Media Contact: John Nemo, MNA, 651-414-2863 or e-mail
DULUTH, Minn. (August 3, 2010) - Less than a month after their powerful display of solidarity outside SMDC Medical Center, hundreds of Duluth Nurses will conduct a second round of informational picketing - this time from 1:30-5:00 p.m. outside of St. Luke's Hospital - to call attention to unsafe staffing situations.
"During their negotiations earlier this summer, Twin Cities nurses had to fight to maintain safe staffing language written into their contracts that allows them to advocate for patient safety," said Duluth RN Steve Strand. "Here at St. Luke's and SMDC, we don't even have that type of language to fight for in our contracts. So our mission right now is to get the same type of patient safety language written into our agreements."
More than 1,300 Duluth nurses at SMDC and St. Luke's Hospital are in the midst of negotiations with hospital executives regarding a new labor agreement. Their current contract expired on July 1, and several weeks of bargaining has yielded little progress at both facilities.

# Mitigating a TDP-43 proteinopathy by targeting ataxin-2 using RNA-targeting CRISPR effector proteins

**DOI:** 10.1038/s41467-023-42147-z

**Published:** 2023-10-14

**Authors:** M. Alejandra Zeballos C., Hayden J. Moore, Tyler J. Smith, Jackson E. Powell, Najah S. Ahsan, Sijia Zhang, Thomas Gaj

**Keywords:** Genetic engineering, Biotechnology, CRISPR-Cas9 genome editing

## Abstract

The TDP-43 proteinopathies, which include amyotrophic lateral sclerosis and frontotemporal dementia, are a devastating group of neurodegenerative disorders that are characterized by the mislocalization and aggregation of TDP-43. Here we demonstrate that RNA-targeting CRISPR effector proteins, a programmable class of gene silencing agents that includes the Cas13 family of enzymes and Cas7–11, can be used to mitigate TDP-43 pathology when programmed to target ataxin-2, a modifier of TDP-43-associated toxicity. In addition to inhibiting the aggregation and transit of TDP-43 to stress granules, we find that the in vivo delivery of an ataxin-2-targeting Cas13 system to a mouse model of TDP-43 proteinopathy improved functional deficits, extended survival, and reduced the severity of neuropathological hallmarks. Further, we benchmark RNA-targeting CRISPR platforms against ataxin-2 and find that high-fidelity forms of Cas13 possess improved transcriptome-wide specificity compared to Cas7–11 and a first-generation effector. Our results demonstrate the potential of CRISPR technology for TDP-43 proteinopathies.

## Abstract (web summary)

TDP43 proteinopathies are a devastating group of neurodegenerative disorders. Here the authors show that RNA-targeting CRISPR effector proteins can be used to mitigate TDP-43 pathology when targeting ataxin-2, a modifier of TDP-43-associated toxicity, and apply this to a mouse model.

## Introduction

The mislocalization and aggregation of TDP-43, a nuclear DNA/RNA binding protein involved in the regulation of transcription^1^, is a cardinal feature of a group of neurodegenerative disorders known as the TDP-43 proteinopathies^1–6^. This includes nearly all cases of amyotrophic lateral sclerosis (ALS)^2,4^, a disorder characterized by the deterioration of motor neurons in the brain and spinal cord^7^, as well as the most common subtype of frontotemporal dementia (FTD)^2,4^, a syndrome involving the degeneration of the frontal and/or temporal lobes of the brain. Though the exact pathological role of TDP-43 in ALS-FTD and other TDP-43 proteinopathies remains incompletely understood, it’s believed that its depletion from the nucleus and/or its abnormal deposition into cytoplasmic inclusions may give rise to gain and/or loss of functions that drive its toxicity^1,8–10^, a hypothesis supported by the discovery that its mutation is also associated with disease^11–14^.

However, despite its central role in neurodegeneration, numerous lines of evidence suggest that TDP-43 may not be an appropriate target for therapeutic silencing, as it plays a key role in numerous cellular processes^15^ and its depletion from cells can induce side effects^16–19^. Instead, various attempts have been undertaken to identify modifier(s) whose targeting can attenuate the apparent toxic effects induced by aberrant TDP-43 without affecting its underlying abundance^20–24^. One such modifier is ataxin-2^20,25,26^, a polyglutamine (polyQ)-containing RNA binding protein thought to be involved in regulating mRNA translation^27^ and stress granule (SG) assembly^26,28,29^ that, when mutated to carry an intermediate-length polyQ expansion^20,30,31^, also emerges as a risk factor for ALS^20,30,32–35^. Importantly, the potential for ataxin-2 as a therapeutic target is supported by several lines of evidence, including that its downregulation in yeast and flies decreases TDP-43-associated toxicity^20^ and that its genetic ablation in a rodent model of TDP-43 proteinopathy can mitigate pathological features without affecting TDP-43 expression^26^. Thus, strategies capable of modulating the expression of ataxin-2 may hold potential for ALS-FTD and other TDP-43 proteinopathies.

"As with any set of contract negotiations, there are economic issues involved, but far and away the most pressing issue is what to do about these unsafe staffing conditions," said Dan Engelhart, an MNA Organizer. "On some hospital units, sometimes we have one nurse trying to care for 9 to 13 patients. When you consider what goes into caring for each individual patient, you begin to realize just how dangerous these types of situations are. And it's not like our hospitals can just close their doors and go on 'Divert' status in the Emergency Room. There isn't anywhere else for our patients in the Northland to go when a medical emergency strikes."
In particular, Duluth nurses are seeking the same contractual rights Twin Cities nurses have when it comes to letting nurses close a specific unit to new admissions when there are too many patients and not enough nurses, along with allowing nurses to conduct grid reviews with mediation and giving RNs the contractual right to say "No" to an unsafe assignment. In addition, there is a significant and dramatic problem with chronic RN understaffing at SMDC, according to Strand.
"Here at SMDC, we currently had more than 800 open nursing shifts over a four-week period from mid-June to mid-July," he said. "The hospital is literally begging nurses to work double shifts and overtime to try and fill all these gaps. But if you or your loved one is a patient, do you want an overworked, stressed-out nurse at the end of a 16- or 20-hour shift taking care of you during a critical situation? Of course you don't. Unsafe staffing isn't just a nurse issue. It's a public safety issue."